Assignment- Given your personal background, describe an experience that illustrates what you would bring to the diversity in a college community, or an encounter that demonstrated the importance of diversity to you.

My response:

Queerly, words would autistically stick in my throat. When everyone else could assume incompetence from my quiet attempts to share observation and learning capacity far beyond the imaging of my wasting idiosyncrasies of autistic behavior, real connivance systemically was condemning me to a world of life skills and loser identification simply for lack of anyone’s ability to reach me. There I remained for years, buried within myself, unable to reveal my meager state. Fortunato himself was no less lost to human communication.

Within the insidiousness of this universal obscurity, love could come in but not express herself. I found the love that feeds life in cold desperation. Who I am as a warrior for the voiceless was honed and sacrificially offered in service. I discovered responsibility comes in the shadow of life’s gift and, quietly, peaceful heat emanates from the warmth of God’s love.

Fellow students will not have known this experience, nor risen from the depths of years of despair. Who I am shares this in every word that flows from my typing fingers. When service is sought to be understood, I am the voice serving the voiceless from awful risks they know and which I share even as I type this. Wanting “incapables” to disappear, our society sadly impoverishes itself by stealing their rights. What squeak will alert them to this error is the sound of my words and the passion of my commitment. This gift I will share with your campus, inspiring everyone to look to his poverty before God and his potential for greatness in service.

Who we are is amassed within assumptions about our world. Each day, they shape eyeshadow-like, learned reality taught by life so well that we would die for many of them. These assumptions are stories we have come to believe. They are untrue conclusions that filter impersonally the way we know each other and see the world. Powerful emotions are wrapped in their folds and salvation from them requires an identity-altering experience. I replayed the story of my imprisonment and the ways I was kept, assigning blame wherever I could. Then, in Self Expression and Leadership with Landmark Education, I learned there was no blame, and everyone was living from a story shaped by world-views peculiar to their profession, personality, and willingness to test the norm. Testing norms requires courage and passion often absent our educational system. What have we done to our society to become cowards to life, or has it always been this way?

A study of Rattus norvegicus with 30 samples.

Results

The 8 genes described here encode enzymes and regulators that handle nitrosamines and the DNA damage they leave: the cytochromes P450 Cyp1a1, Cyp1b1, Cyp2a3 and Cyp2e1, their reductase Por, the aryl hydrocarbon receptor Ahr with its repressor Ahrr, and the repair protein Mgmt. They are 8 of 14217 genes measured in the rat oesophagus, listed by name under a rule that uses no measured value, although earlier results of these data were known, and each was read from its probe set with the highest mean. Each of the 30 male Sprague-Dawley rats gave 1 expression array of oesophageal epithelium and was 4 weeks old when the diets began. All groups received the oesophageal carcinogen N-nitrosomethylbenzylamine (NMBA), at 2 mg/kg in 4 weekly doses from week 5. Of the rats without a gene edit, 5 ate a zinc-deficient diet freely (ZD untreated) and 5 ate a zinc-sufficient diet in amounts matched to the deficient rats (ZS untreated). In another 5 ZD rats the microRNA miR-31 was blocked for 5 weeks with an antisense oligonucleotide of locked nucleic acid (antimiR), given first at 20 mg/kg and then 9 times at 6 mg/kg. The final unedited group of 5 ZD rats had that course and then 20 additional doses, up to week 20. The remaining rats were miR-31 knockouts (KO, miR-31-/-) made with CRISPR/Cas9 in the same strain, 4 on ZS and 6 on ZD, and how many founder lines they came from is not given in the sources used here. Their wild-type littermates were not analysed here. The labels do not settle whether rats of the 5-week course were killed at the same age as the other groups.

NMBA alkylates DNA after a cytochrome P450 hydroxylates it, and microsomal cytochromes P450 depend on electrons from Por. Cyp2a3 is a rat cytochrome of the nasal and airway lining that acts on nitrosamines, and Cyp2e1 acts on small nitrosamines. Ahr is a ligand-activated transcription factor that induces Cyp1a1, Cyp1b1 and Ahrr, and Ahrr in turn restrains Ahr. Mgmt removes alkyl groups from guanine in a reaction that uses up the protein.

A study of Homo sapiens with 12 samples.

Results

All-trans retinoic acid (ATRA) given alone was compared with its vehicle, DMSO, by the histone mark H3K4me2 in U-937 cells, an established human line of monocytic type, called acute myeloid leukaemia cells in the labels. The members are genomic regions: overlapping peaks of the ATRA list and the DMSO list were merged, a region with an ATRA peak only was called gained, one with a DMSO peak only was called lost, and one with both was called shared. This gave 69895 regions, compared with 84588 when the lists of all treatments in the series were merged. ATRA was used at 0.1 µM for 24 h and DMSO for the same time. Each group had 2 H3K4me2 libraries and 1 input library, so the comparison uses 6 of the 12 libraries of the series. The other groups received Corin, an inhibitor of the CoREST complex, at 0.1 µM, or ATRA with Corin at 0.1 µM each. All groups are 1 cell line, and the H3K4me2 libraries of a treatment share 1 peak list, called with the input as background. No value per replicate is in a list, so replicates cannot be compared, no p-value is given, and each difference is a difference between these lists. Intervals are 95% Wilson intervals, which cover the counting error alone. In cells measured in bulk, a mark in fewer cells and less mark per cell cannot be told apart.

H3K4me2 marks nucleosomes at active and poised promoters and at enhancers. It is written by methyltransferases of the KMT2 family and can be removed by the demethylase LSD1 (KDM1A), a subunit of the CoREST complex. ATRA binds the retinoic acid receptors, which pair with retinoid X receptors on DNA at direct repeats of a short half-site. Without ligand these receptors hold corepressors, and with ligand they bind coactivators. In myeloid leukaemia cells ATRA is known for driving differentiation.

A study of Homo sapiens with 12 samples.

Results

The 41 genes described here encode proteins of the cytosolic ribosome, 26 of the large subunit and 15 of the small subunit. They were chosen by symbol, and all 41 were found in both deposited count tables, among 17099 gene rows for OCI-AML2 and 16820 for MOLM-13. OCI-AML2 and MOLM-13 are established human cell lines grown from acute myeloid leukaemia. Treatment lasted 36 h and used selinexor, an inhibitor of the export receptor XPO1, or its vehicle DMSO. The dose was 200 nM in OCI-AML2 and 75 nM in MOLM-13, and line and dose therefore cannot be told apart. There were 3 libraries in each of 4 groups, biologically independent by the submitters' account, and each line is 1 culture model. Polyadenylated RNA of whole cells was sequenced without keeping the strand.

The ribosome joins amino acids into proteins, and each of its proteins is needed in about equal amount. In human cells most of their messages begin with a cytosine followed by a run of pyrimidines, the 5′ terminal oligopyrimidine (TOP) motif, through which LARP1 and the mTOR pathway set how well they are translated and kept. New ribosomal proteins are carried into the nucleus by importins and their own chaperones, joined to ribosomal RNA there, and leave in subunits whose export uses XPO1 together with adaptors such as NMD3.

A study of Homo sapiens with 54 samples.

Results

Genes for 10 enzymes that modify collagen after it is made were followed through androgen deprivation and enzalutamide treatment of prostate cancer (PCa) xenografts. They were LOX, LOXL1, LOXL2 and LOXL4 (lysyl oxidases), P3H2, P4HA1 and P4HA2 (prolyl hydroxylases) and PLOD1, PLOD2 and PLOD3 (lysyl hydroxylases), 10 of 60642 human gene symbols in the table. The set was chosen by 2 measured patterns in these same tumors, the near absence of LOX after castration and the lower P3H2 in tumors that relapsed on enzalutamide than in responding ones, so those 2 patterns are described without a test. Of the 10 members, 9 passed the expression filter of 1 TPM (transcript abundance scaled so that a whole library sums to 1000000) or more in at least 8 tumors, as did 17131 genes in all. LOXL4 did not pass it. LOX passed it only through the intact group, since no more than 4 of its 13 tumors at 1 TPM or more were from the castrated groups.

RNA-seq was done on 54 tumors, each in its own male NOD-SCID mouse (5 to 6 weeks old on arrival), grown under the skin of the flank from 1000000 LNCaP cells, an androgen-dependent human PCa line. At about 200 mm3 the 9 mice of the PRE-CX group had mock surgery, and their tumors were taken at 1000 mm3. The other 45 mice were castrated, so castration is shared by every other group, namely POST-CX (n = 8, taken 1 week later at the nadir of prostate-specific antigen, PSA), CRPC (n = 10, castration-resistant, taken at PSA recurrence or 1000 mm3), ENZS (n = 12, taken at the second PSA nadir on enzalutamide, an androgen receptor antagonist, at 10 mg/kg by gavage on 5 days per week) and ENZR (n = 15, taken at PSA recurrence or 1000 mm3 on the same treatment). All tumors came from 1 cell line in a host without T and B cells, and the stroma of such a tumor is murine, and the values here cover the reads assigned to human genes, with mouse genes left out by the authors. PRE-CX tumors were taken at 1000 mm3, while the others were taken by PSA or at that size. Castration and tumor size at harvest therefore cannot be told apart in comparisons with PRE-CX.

Tasting freedom to ask these questions and move all of us to a sustainable level of active engagement with life is what I will also bring to your campus. We are quietly at war within ourselves for life quite boldly appreciated and death in the comfort of our stories. Hidden assumptions masking simple truth from sight are questioned by me. With power, I love to engage truth and strip her naked of the assumptions so few often see. Reality is sincerely embraced by me at every turn. In the silence and stillness of my communication challenges comes access to secrets most miss in the noisiness of this world.

Patiently, I intend to change who we are with each other and with the voiceless who yearn to join the world of communication and offer so much. Some have appreciatively compared me to a hero of mine, Dr. Martin Luther King, Jr., wanting me to advocate for their lost state. With trembling love for their cause and awareness of the work ahead, I have accepted. I love life. Those who work with and support me will be gratified in life’s witness to truth and goodness, and will reap rewards in every quiet way that life shares her honors.